PORT RICHEY — Two parks could see big changes, Port Richey City Council members discussed Tuesday night.
Nicks Park could gain both parking and boat launch fees.
In the meantime, a committee could form to advocate a playground with universal access at Waterfront Park.
City officials postponed decisions until more research is conducted.
Nicks Park is one of the few parks in the area not to charge user fees, council members noted. City Manager Tom O’Neill studied options for parking fees for vehicles and trailers, along with a possible fee for boat ramp use.
Potential costs for enforcing the fees, however, made council members wince.
An honor drop box for fee payments would cost the city about $2,000 to set up, O’Neill reported.
An automated fee machine that allows use of debit and credit cards would cost about $17,500 to buy.
“The math just didn’t work out,” Councilman Steve O’Neill remarked about expense outweighing potential revenue. With some 33 spaces at the park, the city would be hard pressed to justify any fees.
Councilwoman Nancy Britton put it more bluntly. “These prices are insane,” she remarked.
It would take time to recoup the initial cost, Mayor Eloise Taylor said. Nonetheless, fees might provide revenue to help upgrade Nicks Park, she theorized.
City staff should conduct a count of the number of boats utilizing the park, especially over weekends, Councilman Bill Colombo advised.
The park evolved the past three decades into a boat launch ramp, Colombo recalled. “It is Nicks Park,” not Nicks boat ramp, he said.
The city would have to charge everyone for the fee, Councilman Terrence Rowe commented. Some would like to charge only those visitors from out of town. Rowe foresees enforcement problems with honor boxes. Somebody on city staff would have to write tickets if park patrons don’t pay.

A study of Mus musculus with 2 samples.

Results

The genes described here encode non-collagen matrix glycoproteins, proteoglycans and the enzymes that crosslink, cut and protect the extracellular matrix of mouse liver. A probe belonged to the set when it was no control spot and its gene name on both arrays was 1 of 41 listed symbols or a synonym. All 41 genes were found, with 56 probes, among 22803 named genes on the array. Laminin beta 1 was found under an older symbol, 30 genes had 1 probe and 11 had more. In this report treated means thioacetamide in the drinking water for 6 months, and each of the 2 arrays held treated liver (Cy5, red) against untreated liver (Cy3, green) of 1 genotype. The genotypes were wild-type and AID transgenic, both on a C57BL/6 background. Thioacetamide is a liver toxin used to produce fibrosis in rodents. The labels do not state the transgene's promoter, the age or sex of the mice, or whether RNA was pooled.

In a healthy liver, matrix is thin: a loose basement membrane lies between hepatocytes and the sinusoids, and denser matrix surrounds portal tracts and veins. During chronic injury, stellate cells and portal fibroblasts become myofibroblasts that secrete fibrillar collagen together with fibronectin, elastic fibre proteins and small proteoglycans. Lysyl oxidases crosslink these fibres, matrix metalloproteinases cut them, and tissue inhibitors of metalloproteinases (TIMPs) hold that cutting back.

Perhaps the city could explore other devices, Councilman O’Neill continued. Some restaurants now have payment options at tables using computer tablets to swipe credit or debit cars, he noted. He wondered if that technology could be adapted for the park fees.
Britton would like to consult with Pasco County park leaders to help maintain Nicks Park.
“I certainly could ask,” City Manager O’Neill replied. “I wouldn’t get your hopes up.”
The city manager said he would borrow traffic counters to gauge the number of vehicles at the park over a week. He probably can do the additional research for free.
Reconvening as the Community Redevelopment Agency, city council members discussed the “limitless” playground concept, with universal access, at Waterfront Park.
Cost estimates ranged from $100,000 to $750,000.
The $100,000 figure was based on information from Eric Feingold with Playmore Recreational Products and Services, City Manager O’Neill said. Installation would add onto costs, O’Neill said. Smaller versions possibly could cost less.
Children of all abilities could play together, Feingold wrote in a memo. Such playgrounds provide many physical and psychological benefits for the youngsters, research shows.
Britton pegged costs much higher if the city pursues ADA-compliant bathrooms with handicapped access and specialized parking areas.
The city should get the “temperature of the community” now about a playground project, the mayor remarked, before all the funding details are figured out.
Britton said she already has two volunteers interested in serving on a committee to spearhead a playground project. She will canvass other nonprofit groups and businesses that might support the initiative.
Perhaps one nonprofit agency might even sign on as the lead sponsor, Britton speculated. Then contributors might qualify for tax deductions. Another question might be if the city could match any private donations.
The Junior Service League helped lead the Super Playground effort in New Port Richey, which has endured in popularity for about a quarter of a century, Tom O’Neill noted. Yet organizers managed to build the structure virtually at no cost.